Book Series Architectura Medii Aevi, vol. 2

Compressed Meanings. The Donor’s Model in Medieval Art to around 1300

Origin, Spread and Significance of an Architectural Image in the Realm of Tension between Tradition and Likeness

Emanuel S. Klinkenberg

  • Pages: 310 p.
  • Size:220 x 280 mm
  • Illustrations:127 b/w
  • Language(s):English
  • Publication Year:2009

  • ISBN: 978-2-503-52835-9
  • Paperback
  • Available


"(...) it impressively demonstrates the richness and variety of model-bearing portraits in Western medieval art and that they are indeed worthy of continued scrutiny." (Charles B. McClendon, in, 16 February 2012,


In the Christian art of western Europe images survive from as early as the sixth century that show figures of founders or donors bearing a model of the building they caused to be constructed, renovated or embellished. Previous studies have tended to turn on the question of how accurately these models represent the buildings they were intended to portray. But the donors’ model cannot be explained exclusively by comparison with its built equivalent. The sculptors, goldsmiths, minters, mosaicists, painters, weavers and sealmakers who created these little buildings were not always aiming to produce a straightforward likeness of the edifice in question but rather to represent its significance. The donor’s model could underline the function or symbolic importance of a building or be an expression of support for a particular ruler. It could document real or fictive family ties, validate a patron’s position or enhance his prestige. It could operate as a policy statement by lords temporal and spiritual, be deployed as a weapon in ecclesiastical rivalries, or serve as a visual charter to underpin the lawfulness and legality of gifted privileges, properties and possessions.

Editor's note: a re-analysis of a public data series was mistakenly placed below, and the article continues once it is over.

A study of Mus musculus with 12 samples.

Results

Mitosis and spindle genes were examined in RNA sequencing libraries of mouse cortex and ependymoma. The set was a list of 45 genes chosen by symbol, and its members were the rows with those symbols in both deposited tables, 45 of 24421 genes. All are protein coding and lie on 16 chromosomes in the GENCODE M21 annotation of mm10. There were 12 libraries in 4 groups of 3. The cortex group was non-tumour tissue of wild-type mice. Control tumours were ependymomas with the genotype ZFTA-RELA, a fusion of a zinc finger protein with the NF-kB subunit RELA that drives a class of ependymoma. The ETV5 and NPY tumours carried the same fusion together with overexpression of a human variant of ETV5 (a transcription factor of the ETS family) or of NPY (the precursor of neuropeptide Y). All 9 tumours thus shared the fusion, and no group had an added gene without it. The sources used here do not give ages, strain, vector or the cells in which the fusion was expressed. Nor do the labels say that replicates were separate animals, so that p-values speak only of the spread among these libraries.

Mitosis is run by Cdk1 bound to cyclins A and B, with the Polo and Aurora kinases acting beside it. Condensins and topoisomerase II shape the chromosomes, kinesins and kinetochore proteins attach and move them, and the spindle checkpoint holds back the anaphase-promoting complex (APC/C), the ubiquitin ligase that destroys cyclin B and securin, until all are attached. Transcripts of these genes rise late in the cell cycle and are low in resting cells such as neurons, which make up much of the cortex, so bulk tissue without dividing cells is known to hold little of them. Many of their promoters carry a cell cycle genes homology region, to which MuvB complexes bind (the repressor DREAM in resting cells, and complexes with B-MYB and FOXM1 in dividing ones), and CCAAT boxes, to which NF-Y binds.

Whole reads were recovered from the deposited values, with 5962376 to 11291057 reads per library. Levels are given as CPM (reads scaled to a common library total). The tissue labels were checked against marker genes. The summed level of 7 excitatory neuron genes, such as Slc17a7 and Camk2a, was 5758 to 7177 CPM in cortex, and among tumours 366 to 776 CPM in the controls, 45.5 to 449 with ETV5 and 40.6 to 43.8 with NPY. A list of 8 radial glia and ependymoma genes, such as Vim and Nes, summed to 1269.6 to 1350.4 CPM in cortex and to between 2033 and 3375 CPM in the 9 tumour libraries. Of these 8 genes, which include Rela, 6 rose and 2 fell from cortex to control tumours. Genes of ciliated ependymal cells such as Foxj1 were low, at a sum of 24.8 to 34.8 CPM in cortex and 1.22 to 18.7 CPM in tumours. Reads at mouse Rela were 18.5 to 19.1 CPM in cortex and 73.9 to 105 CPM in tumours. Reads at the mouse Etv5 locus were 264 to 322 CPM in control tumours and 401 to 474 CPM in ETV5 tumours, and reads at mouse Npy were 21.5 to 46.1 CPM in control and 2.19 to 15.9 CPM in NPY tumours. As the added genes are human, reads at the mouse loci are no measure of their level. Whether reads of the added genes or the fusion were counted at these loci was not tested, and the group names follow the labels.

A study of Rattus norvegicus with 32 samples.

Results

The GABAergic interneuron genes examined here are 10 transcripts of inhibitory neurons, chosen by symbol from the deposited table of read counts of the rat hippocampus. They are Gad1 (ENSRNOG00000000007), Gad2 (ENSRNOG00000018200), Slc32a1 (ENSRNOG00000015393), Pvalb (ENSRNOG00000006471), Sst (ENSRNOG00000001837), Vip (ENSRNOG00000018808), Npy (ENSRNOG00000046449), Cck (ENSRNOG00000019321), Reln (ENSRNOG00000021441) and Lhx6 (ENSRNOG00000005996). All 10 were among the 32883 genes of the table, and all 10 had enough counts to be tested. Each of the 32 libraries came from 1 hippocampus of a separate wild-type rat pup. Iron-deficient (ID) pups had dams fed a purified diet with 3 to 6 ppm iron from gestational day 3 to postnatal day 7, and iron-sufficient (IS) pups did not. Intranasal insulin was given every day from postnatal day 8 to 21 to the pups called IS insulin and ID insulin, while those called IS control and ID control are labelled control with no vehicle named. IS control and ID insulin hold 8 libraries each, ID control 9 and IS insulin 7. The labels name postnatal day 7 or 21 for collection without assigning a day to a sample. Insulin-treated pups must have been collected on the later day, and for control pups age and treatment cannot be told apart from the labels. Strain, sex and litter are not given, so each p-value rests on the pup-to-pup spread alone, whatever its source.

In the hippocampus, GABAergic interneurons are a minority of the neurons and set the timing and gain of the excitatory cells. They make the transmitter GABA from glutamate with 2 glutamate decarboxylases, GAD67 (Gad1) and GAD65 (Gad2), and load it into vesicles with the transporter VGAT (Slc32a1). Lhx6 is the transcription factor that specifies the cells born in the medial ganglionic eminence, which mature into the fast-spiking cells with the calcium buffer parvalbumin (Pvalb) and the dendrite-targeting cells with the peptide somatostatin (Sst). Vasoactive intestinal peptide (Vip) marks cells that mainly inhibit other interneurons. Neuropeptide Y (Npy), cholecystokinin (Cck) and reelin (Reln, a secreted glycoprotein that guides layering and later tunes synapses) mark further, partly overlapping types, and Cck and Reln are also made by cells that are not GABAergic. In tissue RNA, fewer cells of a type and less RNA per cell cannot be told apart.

Compressed Meanings approaches the donor’s model primarily as part of an iconographic tradition whose origins can shed light on the message the model-bearers and their models were intended to convey.


Emanuel Klinkenberg studied history of art at Leiden University (Netherlands), where he received his Ph.D cum laude in 2006. His research interests cover medieval European art and its relationship with architecture and theology.